When I started as a Laborer at the railroad, I spent the first few weeks working with a senior member of the railroad. Bill had been with the company for over 30 years, and had figured out how to make his job as easy as possible. One of the policies the railroad had was to do a pre-trip inspection on any piece of equipment. Each piece of equipment had a check list that needed to be filled out every day before using it. Being caught operating machinery that did not have its daily inspection resulted in discipline. This morning we needed to use the old forklift. We headed over to the lift and pulled out the checklist. Bill read out “Seatbelt?” I replied “Check!”. “Tires?”, “Check!”. “Oil?”,”Check!”. Coolant?”,”Um, it’s low.”.
Well, we can’t run the forklift with low coolant, but that’s easy to fix, right? Just add water. Well, this is where it got interesting. A normal person would just drive it over to the hose, and top off the radiator. However, the railroad is not a normal place. Bill wandered over to the trash can and pulled out a used paper coffee cup, one of the small 8oz paper cups. He then meandered over to the water spigot, filled the cup, and sauntered back to the forklift, about 100’ from the faucet, and poured it in the radiator. He then handed the cup to me, “Here, you do this, I am going to go get a coffee from the break room”, and he shuffled off.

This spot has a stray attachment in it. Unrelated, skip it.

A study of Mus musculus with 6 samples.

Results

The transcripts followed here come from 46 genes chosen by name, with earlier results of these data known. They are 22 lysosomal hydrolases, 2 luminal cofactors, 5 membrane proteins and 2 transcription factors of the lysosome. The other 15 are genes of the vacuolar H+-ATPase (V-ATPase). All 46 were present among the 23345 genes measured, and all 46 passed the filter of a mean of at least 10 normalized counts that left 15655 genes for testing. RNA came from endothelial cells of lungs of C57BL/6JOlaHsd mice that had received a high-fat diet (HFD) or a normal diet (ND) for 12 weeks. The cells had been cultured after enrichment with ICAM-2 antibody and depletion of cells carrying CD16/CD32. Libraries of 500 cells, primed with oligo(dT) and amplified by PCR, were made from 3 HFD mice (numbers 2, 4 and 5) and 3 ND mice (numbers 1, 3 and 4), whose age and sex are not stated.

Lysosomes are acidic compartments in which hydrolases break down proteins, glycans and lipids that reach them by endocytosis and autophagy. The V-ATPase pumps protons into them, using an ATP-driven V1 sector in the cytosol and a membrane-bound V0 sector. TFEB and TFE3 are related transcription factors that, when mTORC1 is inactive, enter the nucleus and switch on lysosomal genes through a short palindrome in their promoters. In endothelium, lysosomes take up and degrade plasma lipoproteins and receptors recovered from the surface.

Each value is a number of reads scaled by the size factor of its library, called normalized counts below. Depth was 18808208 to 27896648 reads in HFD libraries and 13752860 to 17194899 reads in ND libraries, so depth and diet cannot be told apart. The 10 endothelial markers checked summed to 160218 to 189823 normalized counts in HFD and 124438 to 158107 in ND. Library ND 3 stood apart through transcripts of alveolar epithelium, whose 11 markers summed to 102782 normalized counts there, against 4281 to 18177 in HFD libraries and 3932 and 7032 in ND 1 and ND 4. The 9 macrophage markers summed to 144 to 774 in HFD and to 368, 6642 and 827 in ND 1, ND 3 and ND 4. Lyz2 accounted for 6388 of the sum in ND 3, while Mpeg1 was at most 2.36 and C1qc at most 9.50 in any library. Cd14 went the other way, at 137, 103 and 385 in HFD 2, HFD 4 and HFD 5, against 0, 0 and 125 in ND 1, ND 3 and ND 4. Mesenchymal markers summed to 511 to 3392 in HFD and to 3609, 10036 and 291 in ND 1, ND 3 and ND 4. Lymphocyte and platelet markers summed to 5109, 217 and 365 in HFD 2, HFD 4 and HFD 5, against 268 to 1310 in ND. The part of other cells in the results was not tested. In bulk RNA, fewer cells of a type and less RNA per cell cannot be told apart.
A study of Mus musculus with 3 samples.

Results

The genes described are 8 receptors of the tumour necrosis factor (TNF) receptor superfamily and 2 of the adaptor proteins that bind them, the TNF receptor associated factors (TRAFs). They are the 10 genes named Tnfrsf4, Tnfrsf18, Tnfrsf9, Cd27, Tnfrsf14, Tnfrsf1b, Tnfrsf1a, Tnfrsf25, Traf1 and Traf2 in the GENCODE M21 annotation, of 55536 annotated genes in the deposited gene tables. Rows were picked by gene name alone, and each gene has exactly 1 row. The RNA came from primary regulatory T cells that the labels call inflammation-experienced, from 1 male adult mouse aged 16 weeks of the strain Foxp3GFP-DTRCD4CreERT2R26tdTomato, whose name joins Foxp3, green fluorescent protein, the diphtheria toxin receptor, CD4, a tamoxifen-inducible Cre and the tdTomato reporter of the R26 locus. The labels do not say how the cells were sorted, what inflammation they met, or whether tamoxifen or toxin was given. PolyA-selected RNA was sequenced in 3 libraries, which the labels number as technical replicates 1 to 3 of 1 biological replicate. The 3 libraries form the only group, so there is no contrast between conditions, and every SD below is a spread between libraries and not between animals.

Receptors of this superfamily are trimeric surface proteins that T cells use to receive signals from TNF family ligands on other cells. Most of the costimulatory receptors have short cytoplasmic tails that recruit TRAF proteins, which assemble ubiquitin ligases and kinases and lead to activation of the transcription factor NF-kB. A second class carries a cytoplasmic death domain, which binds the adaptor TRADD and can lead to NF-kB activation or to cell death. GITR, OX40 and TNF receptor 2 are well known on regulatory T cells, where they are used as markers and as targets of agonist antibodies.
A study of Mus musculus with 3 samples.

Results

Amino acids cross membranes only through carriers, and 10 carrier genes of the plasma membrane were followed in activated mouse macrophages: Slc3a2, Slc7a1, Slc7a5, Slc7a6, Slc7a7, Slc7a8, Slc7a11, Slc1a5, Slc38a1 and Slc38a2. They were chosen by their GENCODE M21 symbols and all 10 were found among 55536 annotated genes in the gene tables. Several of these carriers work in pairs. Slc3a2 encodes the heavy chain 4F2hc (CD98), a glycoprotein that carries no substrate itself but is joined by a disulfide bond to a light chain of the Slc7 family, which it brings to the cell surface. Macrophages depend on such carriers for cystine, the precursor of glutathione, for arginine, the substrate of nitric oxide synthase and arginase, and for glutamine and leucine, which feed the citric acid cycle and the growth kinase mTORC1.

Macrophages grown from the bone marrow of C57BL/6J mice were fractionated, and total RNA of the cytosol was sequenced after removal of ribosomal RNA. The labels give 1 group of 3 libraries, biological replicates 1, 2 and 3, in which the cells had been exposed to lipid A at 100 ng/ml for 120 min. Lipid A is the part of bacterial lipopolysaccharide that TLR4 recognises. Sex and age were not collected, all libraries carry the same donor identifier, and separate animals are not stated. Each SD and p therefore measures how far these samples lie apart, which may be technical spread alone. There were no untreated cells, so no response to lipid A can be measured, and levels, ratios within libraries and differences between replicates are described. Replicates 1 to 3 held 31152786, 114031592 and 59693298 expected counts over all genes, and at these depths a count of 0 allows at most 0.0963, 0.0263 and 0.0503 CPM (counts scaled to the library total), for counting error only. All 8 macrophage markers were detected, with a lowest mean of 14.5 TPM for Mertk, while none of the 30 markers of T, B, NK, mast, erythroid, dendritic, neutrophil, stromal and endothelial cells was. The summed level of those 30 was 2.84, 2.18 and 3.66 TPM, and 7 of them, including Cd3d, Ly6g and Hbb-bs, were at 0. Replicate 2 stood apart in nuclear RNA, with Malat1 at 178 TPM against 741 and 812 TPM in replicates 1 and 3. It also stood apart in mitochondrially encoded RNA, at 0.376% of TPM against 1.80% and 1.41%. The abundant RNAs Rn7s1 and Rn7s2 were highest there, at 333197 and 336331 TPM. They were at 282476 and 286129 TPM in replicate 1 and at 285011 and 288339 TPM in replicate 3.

Well, I was the new guy, and he was my trainer, so, I took the cup back to the spigot, filled it up, walked back to the forklift, and dumped it in. Huh, this was going to take a while. Good thing I am being paid hourly. A few more trips, and I still couldn’t see the water level. On my way past a different trash barrel, I saw a 16 oz coffee cup. Bonus!! I quickly grabbed that one, and immediately doubled my productivity. Finally, about 15 minutes and about 2 gallons of water later, it was almost full.
Right on schedule, there was Bill on his way back with his coffee, moving slowly so as not to spill his drink. When he got there, I told him that I thought that was about the dumbest thing I had ever done. He just smiled at me. “You can’t start the forklift until the checklist passes. You don’t want to get in trouble.” I wish I could say that this was some sort of initiation for the rookie, but this is the way Bill did his job daily. Oh well.
The forklift now running, we set off to do our similarly redundant task of filling a tote with lube oil from tank A in the shop, which was full, and taking it out to the tank B in the yard, which was empty. When both tanks were empty, they would get another delivery of oil, but only to tank A, and the process would repeat. Sometimes we moved too much and tank A would become empty before tank B, and we would pump oil from tank B, and bring it in to tank A.